At The Shop Theatre (125 East 2nd) until July 2, 2016
hairmusical.brownpapertickets.com or at the door
Posted June 17, 2016
“Let the sun shine/Let the sun shine in”, rings the curtain down on this Renegade Arts Co. production of HAIR. And it really rings! At the preview it was all I could do to stop myself from clambering out of my seat at the finale and joining the “be-in” onstage. During the run, it’s going to happen.
This anthemic song from the 1967 tribal rock musical HAIR has nothing to do with a prayer for sunny skies but a passionate plea for love and freedom. With Trump trumpeting about a wall between the US and Mexico, refugees fleeing war-torn countries and the gunning down of innocents in a gay bar in Orlando, HAIR is so timely, it hurts. Let the sun shine. Let it be soon.
It’s an unusual musical: basically, more than forty songs loosely strung together with vignettes from the 60s. Free love. Anti-Vietnam War. Drugs. Liberation. These were the hippie days with flared pants, tied-dyed everything and lots of marijuana, hashish and mushrooms.
The over-arching story is Claude’s. Like most of the hippies, Claude comes from a conservative middle-class family who are shocked at his tune-in, turn-on and drop-out attitude. His best friend Berger is a much more liberated, bi-sexual extrovert. They hang out with what they call their “tribe”: a motley crew of New York City flower children. “Make Love Not War” read their protest signs.
And there’s a whole lotta loving going on in HAIR. Jeanie (Michelle Bardach) is pregnant, “knocked up by some crazy speed freak”. The black girls are lusting after the white guys (“White Boys Walking in Space”) while the white girls are hot for the black guys (“Black Boys”).
Early audiences were shocked by the show’s nudity, desecration of the American flag, promiscuity and the celebration of psychedelic drugs. But audiences got over it and lengthy runs ensued from New York to London and beyond. Wikipedia tells us “By 1970, Hair was a huge, international financial success”; the movie followed in 1979.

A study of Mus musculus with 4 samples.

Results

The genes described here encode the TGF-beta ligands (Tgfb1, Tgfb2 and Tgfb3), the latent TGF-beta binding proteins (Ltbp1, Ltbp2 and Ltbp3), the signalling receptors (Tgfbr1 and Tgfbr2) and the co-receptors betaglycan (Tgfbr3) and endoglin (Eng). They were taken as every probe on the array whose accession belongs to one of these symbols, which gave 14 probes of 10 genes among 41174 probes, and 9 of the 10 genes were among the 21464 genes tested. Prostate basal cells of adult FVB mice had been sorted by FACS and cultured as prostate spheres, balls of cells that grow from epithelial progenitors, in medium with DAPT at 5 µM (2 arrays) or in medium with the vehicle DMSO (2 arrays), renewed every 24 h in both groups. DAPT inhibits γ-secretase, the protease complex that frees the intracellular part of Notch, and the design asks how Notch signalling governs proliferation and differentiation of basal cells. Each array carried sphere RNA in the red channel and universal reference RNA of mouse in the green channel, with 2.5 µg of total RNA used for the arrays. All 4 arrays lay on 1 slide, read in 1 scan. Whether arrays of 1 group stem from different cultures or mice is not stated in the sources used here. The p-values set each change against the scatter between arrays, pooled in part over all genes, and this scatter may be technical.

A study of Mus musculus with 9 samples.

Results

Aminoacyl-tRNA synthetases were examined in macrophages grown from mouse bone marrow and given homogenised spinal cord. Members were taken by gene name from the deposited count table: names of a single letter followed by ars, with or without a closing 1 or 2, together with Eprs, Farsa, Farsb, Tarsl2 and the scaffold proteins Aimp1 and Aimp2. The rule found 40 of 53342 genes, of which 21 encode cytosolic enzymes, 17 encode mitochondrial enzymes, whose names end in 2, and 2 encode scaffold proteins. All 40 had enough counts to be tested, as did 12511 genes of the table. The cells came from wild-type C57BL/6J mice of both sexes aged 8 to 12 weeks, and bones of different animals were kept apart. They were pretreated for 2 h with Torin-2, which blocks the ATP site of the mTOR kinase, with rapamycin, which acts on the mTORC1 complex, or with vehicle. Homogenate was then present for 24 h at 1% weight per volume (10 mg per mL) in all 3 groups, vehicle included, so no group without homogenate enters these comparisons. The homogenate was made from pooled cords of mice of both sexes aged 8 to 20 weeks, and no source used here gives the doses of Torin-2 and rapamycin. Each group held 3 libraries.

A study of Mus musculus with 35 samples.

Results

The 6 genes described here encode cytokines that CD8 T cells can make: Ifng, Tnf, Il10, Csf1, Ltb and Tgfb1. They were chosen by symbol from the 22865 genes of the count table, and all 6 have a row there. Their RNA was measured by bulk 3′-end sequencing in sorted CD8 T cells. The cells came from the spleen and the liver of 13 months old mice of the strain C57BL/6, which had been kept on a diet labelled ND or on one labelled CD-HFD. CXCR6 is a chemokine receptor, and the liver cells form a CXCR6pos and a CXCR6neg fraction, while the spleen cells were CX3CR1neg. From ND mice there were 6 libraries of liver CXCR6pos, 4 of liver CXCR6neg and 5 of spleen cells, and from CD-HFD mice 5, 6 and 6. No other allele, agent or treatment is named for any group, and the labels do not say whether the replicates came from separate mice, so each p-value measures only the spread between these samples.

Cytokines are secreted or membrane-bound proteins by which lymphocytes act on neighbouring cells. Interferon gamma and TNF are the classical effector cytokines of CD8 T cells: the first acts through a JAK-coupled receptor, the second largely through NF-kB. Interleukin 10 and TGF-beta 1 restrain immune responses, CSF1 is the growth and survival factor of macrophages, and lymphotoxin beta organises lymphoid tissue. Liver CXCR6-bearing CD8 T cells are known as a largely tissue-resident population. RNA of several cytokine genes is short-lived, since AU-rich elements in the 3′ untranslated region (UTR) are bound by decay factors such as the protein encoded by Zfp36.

Produced by Jim Buckshon, this is Renegade Arts Co.’s inaugural production and it’s dynamite with two dozen performers and a band in a funky venue on a small stage, part of which is taken up with a full-sized VW van (set design by CJ McGillivray).
With that many performers in that intimate setting, choreography by Dawn Ewen (also the director) is astonishing. Many of these young performers – drawn from Studio 58, Cap U, and various college and university programs across the country – are triple threats: they sing, dance and act. All the voices are excellent; some are spectacular. The four-piece band, under the musical direction of Kerry O’Donovan, produces great rocking sound. When the whole ensemble is singing and dancing and the band is playing to beat the band, it’s fantastic.
As Claude, Julien Galipeau, a Studio 58 student, rocks the place with “I Got Life” and later, “Eyes Look Your Last”. Jacob Woike, as Berger, has his pants off within moments of the curtain going up and is the sexiest critter on stage. Steffanie Davis, with her spectacular pipes, kickstarts the whole show off with “Aquarius”. Alex Gullason is Shelia, the major love interest, who sings “Easy To Be Hard” and the lovely “Good Morning Starshine”.
Too many great performances to mention them all but Janelle Reid will take her foxy look and fab voice anywhere she wants. Ditto Marc Williams, Cecilly Day, Amy Gartner, Kris Kuruneri and Oliver Castillo.
Costumes by Clara Dixon will remind all the old hippies in the audience of their beads and headbands.
Don’t worry if the moon isn’t in the Seventh House or Jupiter isn’t aligned with Mars, check this show out. With brownies (hash-free) available in the lobby, HAIR is a love-in on Vancouver’s 2nd Avenue.